An ACT school principal’s stand against mandatory vaccination against COVID-19 for school staff has thrown the spotlight on the growing number of ‘no jab, no job’ orders across the public and private sectors.
Charnwood-Dunlop School principal Rob Lans appeared with One Nation Senator Malcolm Roberts in a video posted on an anti-vaccination Facebook page.
Mr Lans spoke out against the public health order, saying it was coercive and violated his right to choose whether he is vaccinated or not.
The Education Directorate has since told parents that Mr Lans won’t be returning to school this week but “will be taking some time out of the workplace”.
While Mr Lans may have been unwise to connect himself with One Nation and the fringe anti-vaxxer group that hosted the video, his situation should concern anyone who professes to uphold civil liberties and human rights.
Vaccination is a medical intervention that, like most of them, is not risk-free, but comes down to a balance of risks and benefits. There are adverse events. It just comes down to whether the overall benefits outweigh them.
In the case of COVID-19, it is clear that without a defined treatment for the virus, vaccines are the best bet to control the pandemic and break the chain of debilitating lockdowns and social restrictions that have crippled societies and their economies across the world.
The death toll, ongoing illness and economic cost make for a compelling argument for vaccination, and it is understandable governments and businesses want to limit the risk of more damage.
In the ACT, the government understandably wants to protect higher-risk categories, such as children under 12 who cannot yet be vaccinated.
This risk management is colliding with the minority of people who feel they should have the right to take their chances and manage their own health.
It is an extension of the ‘no jab, no play’ controversy that embroiled child care settings, but on a broader scale.
Some governments have also adopted the requirements for vaccine passports or certificates to move freely about or receive services, something Chief Minister Andrew Barr has fiercely resisted.
He argues that it is too big a step to take to limit a person’s human rights, raises too many legal and compliance questions and that such actions have the potential to become permanent.
The same could be said of vaccine mandates, although at least in the ACT, there appears to be leeway for exemptions or redeployment to manage those who cannot comply for whatever reasons.
The ACT Human Rights Commission says public health directions around vaccine mandates should be based in legislation accompanied by a statement about its compatibility with human rights.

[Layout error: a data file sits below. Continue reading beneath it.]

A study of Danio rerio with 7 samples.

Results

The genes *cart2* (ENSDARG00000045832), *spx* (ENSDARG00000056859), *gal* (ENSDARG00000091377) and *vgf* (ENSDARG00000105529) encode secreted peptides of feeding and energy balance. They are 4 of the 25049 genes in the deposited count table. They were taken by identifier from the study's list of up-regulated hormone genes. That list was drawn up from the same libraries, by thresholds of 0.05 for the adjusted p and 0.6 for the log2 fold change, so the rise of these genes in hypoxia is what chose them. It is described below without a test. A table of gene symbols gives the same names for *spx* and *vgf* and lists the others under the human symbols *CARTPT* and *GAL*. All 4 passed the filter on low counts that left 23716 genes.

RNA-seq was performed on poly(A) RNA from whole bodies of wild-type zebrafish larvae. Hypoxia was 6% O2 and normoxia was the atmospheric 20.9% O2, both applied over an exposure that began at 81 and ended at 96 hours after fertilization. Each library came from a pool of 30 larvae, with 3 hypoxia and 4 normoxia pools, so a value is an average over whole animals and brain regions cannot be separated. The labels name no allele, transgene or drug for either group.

“It’s a very substantial limitation of rights to subject workforces to mandatory vaccination, so we would prefer that [in] legislative amendments,” Commissioner Dr Helen Watchirs told Budget estimates last week.
The mandates, time-limited though they may be, are infringements on our civil liberties that provide precedents for governments to interfere in the lives of its citizens, not so much a conspiracy as the good intentions that proverbially pave the road to hell.
Such coercive directions or laws should not be entered into lightly. They need to be framed carefully, have strict time limits, defined purposes and have the legislative guard-rails that prevent them from spreading into other areas of life.
The ACT’s mandates are tied to public health directions and will lapse with them, and Chief Health Officer Kerryn Coleman has said that when children are vaccinated it will be unlikely there will be a need for the schools one.
Dissident views such as those expressed by Mr Lans need to be respected and their proponents not vilified. They do not need to lose their employment and careers because of a principled or misguided stand, depending on your viewpoint.
The normalisation of coercive laws should not be entertained, just as the ongoing limits to our freedoms from anti-terror laws should not be accepted simply because the government wants to keep us safe.
It is hoped Mr Lans can return to his school when the situation has calmed and the ACT moves to some kind of normal with a vaccination rate close to 100 per cent.
If we can’t live with the 1 per cent who aren’t vaccinated, then the notion of living with the virus is meaningless.